Real earnings, February 2010
March 23, 2010
Real average hourly earnings for all employees rose 0.1 percent from January to February, seasonally adjusted. This increase stems from a 0.1-percent increase in average hourly earnings while the Consumer Price Index for All Urban Consumers (CPI-U) remained unchanged.
Real average weekly earnings fell 0.2 percent over the month, as a result of a 0.3-percent decline in the average work week offsetting the increase in real average hourly earnings. Over the past 6 months, real average weekly earnings have changed little.
Real average hourly earnings fell 0.4 percent, seasonally adjusted, from February 2009 to February 2010. A 0.9-percent decline in average weekly hours combined with the decrease in real average hourly earnings, resulted in a 1.2-percent decline in real average weekly earnings during this period.
These earnings data are from the Current Employment Statistics Program. Recent earnings are preliminary and subject to revision. To learn more, see "Real Earnings—February 2010" (HTML) (PDF), news release USDL-10-0318.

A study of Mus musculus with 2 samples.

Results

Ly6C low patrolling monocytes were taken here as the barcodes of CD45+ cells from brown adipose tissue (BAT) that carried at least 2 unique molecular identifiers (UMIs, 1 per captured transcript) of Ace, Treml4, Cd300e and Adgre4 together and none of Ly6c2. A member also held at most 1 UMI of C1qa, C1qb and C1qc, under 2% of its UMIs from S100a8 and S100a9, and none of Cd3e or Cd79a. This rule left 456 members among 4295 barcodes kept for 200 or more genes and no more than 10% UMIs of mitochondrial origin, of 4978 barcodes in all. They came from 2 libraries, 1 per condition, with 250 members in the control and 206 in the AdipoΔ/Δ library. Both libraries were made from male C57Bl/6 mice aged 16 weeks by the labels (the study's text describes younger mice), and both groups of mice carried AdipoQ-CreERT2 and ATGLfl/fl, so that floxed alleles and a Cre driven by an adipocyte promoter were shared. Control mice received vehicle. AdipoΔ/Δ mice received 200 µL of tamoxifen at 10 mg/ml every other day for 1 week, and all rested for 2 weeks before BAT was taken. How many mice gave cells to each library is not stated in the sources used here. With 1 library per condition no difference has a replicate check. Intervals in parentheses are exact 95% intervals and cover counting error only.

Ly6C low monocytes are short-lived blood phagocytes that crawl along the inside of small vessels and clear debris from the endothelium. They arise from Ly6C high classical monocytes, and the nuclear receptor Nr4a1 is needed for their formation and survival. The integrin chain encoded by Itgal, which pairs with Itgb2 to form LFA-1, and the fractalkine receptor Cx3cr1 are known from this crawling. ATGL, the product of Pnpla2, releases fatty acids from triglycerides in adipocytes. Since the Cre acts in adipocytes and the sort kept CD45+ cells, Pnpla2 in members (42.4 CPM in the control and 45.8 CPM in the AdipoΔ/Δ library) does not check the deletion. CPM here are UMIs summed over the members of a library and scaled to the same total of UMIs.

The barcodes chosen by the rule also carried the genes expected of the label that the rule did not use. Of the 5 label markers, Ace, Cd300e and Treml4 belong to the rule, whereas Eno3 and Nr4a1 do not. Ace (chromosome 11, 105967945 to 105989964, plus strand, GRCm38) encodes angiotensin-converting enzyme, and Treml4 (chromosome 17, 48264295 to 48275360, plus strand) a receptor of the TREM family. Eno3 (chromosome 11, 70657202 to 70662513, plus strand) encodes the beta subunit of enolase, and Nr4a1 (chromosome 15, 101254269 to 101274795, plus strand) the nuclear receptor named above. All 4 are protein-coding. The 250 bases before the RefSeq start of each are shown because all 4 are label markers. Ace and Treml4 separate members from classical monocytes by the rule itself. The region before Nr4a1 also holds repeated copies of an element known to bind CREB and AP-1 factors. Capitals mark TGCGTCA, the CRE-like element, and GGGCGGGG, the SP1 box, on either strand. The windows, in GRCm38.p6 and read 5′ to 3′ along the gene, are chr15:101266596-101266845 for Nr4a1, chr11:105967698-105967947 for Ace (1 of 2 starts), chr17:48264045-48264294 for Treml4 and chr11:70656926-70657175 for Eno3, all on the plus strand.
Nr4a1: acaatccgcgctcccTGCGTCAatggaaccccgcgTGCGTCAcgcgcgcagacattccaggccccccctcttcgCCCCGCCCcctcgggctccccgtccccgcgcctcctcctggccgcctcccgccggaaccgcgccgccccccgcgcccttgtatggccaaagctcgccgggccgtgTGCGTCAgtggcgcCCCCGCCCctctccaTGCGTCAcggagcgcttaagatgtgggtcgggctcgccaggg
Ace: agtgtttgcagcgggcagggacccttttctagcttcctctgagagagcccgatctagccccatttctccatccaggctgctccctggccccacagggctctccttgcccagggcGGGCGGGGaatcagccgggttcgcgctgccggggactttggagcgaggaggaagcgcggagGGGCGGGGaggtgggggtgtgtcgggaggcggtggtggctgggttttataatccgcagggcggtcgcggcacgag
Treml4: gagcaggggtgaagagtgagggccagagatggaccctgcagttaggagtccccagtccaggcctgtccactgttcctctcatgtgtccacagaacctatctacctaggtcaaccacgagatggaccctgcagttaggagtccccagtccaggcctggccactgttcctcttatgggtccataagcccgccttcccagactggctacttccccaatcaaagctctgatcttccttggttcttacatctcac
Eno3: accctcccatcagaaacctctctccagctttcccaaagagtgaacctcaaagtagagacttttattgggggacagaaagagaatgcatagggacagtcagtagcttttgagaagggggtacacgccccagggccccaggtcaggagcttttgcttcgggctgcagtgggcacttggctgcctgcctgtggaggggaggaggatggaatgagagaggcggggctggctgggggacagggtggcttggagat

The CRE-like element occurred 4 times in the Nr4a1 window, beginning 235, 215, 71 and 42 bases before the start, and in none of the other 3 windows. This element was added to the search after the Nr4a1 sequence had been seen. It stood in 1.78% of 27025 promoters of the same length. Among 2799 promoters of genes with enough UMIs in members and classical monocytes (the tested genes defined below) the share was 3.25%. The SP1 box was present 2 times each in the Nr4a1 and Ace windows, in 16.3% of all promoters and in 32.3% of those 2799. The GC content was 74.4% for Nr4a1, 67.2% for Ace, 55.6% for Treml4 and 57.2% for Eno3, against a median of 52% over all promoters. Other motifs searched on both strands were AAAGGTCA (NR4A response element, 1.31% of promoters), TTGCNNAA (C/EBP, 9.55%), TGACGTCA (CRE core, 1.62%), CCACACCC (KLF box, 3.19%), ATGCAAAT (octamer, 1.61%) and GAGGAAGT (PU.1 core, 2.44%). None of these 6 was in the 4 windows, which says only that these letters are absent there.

Bureau of Labor Statistics, U.S. Department of Labor, The Economics Daily, Real earnings, February 2010 on the Internet at http://www.bls.gov/opub/ted/2010/ted_20100323.htm (visited September 27, 2016).
Recent editions of Spotlight on Statistics
A look at healthcare spending, employment, pay, benefits, and prices
As one of the largest U.S. industries, healthcare is steadily growing to meet the needs of an increasing population with an increasing life expectancy. This Spotlight looks at how much people spend on healthcare, current and projected employment in the industry, employer-provided healthcare benefits, healthcare prices, and pay for workers in healthcare occupations.
Employment and Wages in Healthcare Occupations
Healthcare occupations are a significant percentage of U.S. employment. Some of the largest and highest paying occupations are in healthcare. This Spotlight examines employment and wages for healthcare occupations.
Fifty years of looking at changes in peoples lives
Longitudinal surveys help us understand long-term changes, such as how events that happened when a person was in high school affect labor market success as an adult.